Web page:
The U.S. Department of Veterans Affairs provides compensation to veterans who became disabled as a result of a service-connected injury. Generally, these benefits are paid in an amount that is proportionate to the severity of the veteran’s disability, which is assigned by the VA in the form of a percentage ranging from 10 to 100.
Fortunately, even veterans whose injuries are not rated as being completely disabling can receive compensation at the 100 percent level under the Total Disability Individual Unemployability (TDIU) benefit if they can demonstrate that they suffer from one or more disabling conditions and are unable to sustain employment as a result of their condition. For help filing your own TDIU claim, please contact an experienced McHenry veterans benefits lawyer who can represent your interests.
Only veterans who fulfill certain requirements are eligible to receive TDIU benefits. First, the veteran must be able to provide evidence that he or she is unable to sustain substantially gainful employment. Substantially gainful employment is defined by the VA as employment that does not pay enough to at least equal that year’s poverty level, which in 2017 was $12,060. However, even when a veteran makes more than this amount, he or she could still qualify for TDIU benefits if the job is supplied by a family member, or is protected in some way.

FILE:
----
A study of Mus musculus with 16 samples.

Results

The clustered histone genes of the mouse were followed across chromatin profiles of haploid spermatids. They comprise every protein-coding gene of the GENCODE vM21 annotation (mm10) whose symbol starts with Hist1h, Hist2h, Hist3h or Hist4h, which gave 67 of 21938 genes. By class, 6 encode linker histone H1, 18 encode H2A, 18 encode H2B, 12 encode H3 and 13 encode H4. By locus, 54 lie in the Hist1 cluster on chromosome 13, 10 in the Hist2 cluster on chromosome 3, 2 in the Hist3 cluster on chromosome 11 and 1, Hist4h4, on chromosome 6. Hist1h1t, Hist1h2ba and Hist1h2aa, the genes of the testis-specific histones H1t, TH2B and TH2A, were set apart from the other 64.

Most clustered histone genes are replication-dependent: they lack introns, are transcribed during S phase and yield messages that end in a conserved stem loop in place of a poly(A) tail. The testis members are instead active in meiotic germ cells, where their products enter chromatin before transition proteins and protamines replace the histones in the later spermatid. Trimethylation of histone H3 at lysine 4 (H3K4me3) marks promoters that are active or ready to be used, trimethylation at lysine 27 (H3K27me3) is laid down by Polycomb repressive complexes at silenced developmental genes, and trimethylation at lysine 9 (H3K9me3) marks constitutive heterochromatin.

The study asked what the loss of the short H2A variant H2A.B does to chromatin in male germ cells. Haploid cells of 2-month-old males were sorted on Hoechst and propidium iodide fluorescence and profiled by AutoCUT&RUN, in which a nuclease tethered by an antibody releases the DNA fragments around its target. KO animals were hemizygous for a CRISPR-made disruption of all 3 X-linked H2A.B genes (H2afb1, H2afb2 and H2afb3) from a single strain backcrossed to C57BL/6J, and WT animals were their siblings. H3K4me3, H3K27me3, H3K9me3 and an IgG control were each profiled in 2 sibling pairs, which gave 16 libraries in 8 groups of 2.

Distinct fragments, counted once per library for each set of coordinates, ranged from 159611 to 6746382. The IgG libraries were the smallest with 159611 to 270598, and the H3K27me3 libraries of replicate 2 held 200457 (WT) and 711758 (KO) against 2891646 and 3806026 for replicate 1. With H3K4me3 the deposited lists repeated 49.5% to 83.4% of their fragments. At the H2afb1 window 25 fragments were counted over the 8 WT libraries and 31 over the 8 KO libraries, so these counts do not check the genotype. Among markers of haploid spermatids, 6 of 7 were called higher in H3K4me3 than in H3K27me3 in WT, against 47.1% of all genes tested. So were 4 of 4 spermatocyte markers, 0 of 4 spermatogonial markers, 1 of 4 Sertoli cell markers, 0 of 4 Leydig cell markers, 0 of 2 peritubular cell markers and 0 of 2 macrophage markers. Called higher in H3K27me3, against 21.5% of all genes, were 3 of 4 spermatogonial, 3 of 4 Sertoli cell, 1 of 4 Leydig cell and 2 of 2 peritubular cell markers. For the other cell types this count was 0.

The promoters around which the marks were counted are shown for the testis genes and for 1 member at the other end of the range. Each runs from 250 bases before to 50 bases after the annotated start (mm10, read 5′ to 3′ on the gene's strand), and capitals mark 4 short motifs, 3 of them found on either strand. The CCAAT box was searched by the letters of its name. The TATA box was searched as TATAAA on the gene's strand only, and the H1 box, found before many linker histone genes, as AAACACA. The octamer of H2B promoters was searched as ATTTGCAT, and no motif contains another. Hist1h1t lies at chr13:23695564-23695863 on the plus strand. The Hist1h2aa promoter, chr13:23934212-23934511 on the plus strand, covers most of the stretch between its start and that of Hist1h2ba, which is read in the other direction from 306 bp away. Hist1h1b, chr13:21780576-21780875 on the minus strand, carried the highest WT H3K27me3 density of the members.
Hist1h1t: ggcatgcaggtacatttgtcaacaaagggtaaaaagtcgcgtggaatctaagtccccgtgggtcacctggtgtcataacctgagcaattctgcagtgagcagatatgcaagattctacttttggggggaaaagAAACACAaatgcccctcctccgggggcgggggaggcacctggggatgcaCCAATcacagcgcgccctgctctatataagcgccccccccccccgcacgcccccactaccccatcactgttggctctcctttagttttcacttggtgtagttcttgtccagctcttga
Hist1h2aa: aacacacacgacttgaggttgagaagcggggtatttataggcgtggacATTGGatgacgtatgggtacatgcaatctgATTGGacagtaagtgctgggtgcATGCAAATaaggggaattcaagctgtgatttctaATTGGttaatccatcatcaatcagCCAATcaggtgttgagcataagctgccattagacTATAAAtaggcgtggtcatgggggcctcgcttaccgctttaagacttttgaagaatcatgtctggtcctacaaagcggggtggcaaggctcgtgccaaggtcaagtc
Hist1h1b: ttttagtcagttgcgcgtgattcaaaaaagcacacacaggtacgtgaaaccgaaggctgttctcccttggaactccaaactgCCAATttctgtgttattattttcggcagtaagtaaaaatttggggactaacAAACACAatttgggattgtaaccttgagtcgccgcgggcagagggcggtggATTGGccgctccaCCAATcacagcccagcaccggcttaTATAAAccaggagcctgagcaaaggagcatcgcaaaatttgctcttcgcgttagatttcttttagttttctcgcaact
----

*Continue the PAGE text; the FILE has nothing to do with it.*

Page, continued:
Aside from the employment requirement, claimants must also prove that they have:
Even when a veteran does not meet this standard, the VA can still award benefits if exceptional circumstances exist, such that the veteran has undergone frequent periods of hospitalization and experienced a regular interference with employment.
TDIU benefits are not always permanent, so the VA can require claimants to undergo regular medical exams to confirm that they are still unable to work. Failing to report for these scheduled examinations could result in the termination or suspension of TDIU benefits. Similarly, the VA can periodically request employment information to ensure that a claimant has not begun working since receiving benefits. They may also contact the IRS to cross reference employment records with reported income. In the event that a veteran is deemed employable, the TDIU benefits will be revoked and he or she will go back to receiving the amount of compensation that is proportionate to his or her level of disability. In fact, the VA can even require a claimant to reimburse them for the benefits paid out if it is determined that the veteran continued to receive benefits after becoming employable.
If you suffer from a disability that was caused by an injury sustained while serving your country, you may qualify for compensation. To discuss what kinds of benefits you may be eligible to receive with a dedicated McHenry veterans benefits attorney, please contact The Comerford Law Office, LLC at 312-863-8572 today.